2016 NASCAR Sprint Cup review: Jimmie 'Six-time' Johnson becomes Mr. Se7en
The 2016 NASCAR Sprint Cup Series season would be remembered as the year when Jimmie Johnson captured his seventh Cup championship title, tying Richard Petty and Dale Earnhardt on the top of the all-time winners list. Jimmie did it again in the #48 Chevrolet of Hendrick Motorsports, same as the first six times in 2006, 2007, 2008, 2009, 2010 and 2013.
Five wins for Johnson on his way to the seventh title
On the way to his seventh title, Johnson scored five wins through the season. He won two times in a regular part (Atlanta and Fontana), adding three more wins during the Chase (Charlotte, Martinsville and Homestead-Miami). The most important win, of course, was the one in the final Championship 4 round at the Homestead-Miami Speedway. Johnson has won the Ford EcoBoost 400 race holding off Kyle Larson, who led for most laps but had no enough speed to beat Johnson in the overtime finish.
Of other three title contenders in the Championship 4 round, Team Penske’s Joey Logano finished fourth while Joe Gibbs Racing’s teammates Kyle Busch and Carl Edwards were 6th and 34th respectively. Edwards wrecked off on lap 258.
Tony Stewart skipped the beginning of his last season
The season 2016 started without four-time Cup champion Jeff Gordon, who retired at the end of 2015. He was replaced in the Hendrick Motorsports’ #24 car by 2014 Nationwide Series champion Chase Elliott. Michael Waltrip Racing ceased its operations after 2015. On the other side, Wood Brothers Racing returned to a full-time schedule for the first time since 2008, with Ryan Blaney as a driver.
Tony Stewart, who announced that it would be his last season, missed the first few races of the season because of injuries received in a non-racing incident in a desert. Brian Vickers and Ty Dillon were sharing Stewart’s car until his full-time return at Kansas in May.
Jeff Gordon came out of retirement to replace Dale Jr
Another NASCAR great missed a big part of a season because of injuries. Dale Earnhardt Jr. suffered from concussion following the race at Kentucky Speedway in July. He was replaced by Alex Bowman at New Hampshire and Michigan. After that, Jeff Gordon came out of retirement to replace Dale Jr. at Indianapolis, Pocono, Watkins Glen and Bristol. On August 30, it was announced that Earnhardt would miss the rest of the season and that Bowman and Gordon would share the car for the final 12 races of the season.
The field in the NASCAR Sprint Cup Series races was reduced from 43 to 40 cars. The race calendar, featuring 36 races, was divided into 26 regular season events and ten Chase events. The names of the Chase rounds were changed from the previous Challenger, Contender and Eliminator round to the simpler Round of 16, Round of 12 and Round of 8.
Daytona 500: youngest poleman, closest finish ever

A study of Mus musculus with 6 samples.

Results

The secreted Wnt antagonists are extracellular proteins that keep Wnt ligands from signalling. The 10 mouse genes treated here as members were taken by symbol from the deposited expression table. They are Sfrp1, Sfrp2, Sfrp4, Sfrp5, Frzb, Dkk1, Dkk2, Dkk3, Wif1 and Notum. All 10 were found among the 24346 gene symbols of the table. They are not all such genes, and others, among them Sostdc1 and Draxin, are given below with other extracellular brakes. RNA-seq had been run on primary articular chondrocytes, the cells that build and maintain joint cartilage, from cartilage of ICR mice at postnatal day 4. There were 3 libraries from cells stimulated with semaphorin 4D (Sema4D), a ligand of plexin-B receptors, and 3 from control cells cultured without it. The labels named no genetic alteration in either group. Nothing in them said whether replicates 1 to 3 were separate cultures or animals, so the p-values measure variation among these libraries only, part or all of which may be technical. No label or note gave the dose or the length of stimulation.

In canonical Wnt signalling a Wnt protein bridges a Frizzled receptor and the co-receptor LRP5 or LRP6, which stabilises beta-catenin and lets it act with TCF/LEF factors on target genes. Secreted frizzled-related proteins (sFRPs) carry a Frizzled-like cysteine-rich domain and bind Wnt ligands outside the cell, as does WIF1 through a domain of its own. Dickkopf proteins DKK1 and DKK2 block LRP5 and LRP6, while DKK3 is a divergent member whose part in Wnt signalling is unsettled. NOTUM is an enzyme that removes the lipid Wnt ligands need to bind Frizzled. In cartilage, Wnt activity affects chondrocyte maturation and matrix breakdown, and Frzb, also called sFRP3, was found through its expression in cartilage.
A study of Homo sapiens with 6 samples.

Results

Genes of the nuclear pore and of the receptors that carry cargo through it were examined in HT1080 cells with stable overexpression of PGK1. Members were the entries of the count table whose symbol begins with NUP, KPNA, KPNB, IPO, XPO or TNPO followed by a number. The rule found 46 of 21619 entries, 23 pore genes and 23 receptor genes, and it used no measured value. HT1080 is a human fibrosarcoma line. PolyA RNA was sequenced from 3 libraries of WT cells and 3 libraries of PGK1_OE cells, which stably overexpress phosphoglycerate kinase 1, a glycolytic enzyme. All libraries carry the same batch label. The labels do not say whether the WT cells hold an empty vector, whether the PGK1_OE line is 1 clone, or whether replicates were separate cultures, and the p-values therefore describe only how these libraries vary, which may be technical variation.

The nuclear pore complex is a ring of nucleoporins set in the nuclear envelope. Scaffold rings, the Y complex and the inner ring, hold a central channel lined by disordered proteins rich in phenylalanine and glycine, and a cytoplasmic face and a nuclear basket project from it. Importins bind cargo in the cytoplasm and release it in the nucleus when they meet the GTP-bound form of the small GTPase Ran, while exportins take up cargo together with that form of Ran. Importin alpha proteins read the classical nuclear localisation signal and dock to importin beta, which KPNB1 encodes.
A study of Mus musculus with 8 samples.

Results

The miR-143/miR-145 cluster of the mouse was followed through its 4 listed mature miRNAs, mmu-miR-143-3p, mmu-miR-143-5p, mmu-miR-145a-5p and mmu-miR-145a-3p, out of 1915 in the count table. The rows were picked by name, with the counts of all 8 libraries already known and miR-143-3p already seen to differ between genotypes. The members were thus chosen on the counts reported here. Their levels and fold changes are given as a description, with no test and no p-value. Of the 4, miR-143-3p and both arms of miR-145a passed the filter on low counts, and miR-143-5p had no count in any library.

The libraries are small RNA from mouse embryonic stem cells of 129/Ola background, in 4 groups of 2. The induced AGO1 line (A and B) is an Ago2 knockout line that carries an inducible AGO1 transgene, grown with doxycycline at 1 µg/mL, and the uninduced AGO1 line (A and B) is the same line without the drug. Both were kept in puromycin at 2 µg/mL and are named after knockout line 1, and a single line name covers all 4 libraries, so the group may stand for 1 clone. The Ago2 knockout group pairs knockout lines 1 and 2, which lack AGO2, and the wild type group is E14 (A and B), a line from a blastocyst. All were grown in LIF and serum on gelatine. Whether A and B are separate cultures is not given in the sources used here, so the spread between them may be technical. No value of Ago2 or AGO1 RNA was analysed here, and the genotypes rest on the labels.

As usual, the season started with the Speedweeks at Daytona International Speedway. Denny Hamlin won his third Sprint Unlimited race. The winners of the Can-Am Duels were Dale Earnhardt Jr and Kyle Busch. The rookie Chase Elliott won the pole position for Daytona 500, becoming the youngest ever Daytona 500 pole winner. Denny Hamlin won the race, beating Martin Truex Jr in the closest ever finish at Daytona 500.
Jimmie Johnson scored his first win of the season, and 76th in a career, in the second round at Atlanta Motor Speedway. Until the end of the season, he scored four more wins, rounding a number of his Cup victories to 80.
Thirteen drivers visited Victory Lane
Thirteen drivers visited Victory Lane during the season. With five wins, Johnson isn’t only a champion but also a driver with most wins. Four drivers scored four wins each: Kyle Busch, Kevin Harvick, Martin Truex Jr and Brad Keselowski. Three-time winners were Joey Logano, Carl Edwards and Denny Hamlin. Matt Kenseth added two wins on his account.
Kurt Busch‘s win at Pocono was his 28th in a career. Tony Stewart has won for the last time in the Sprint Cup Series at Sonoma Raceway. It was his 49th win in a career. Two drivers scored their maiden Cup victories – Kyle Larson (Pure Michigan 400) and rookie Chris Buescher (Pennsylvania 400 at Pocono).
Chase Elliott is the Rookie of the Year
Chase Elliott didn’t win, but ten Top 5 results qualified him for the Chase and he finished 10th in the final classification, winning the Rookie of the Year honors. Other full-time rookies in 2016 were Chris Buescher, Ryan Blaney and Brian Scott, whilst Jeffrey Earnhardt had a part-time schedule.
For the 2017 season, some major changes were announced already. Monster Energy would be the entitlement sponsor, replacing the Sprint Corporation, series’ sponsor since 2008. As Tony Stewart retires from NASCAR, Clint Bowyer would take over his #14 car for Stewart-Haas Racing. The team will switch from Chevrolet to Ford. Ty Dillon will replace Casey Mears in the #13 Germain Racing’s Chevrolet, being one of the full-time rookies. One of his rookie rivals would be Erik Jones in the #77 Furniture Row’s Toyota.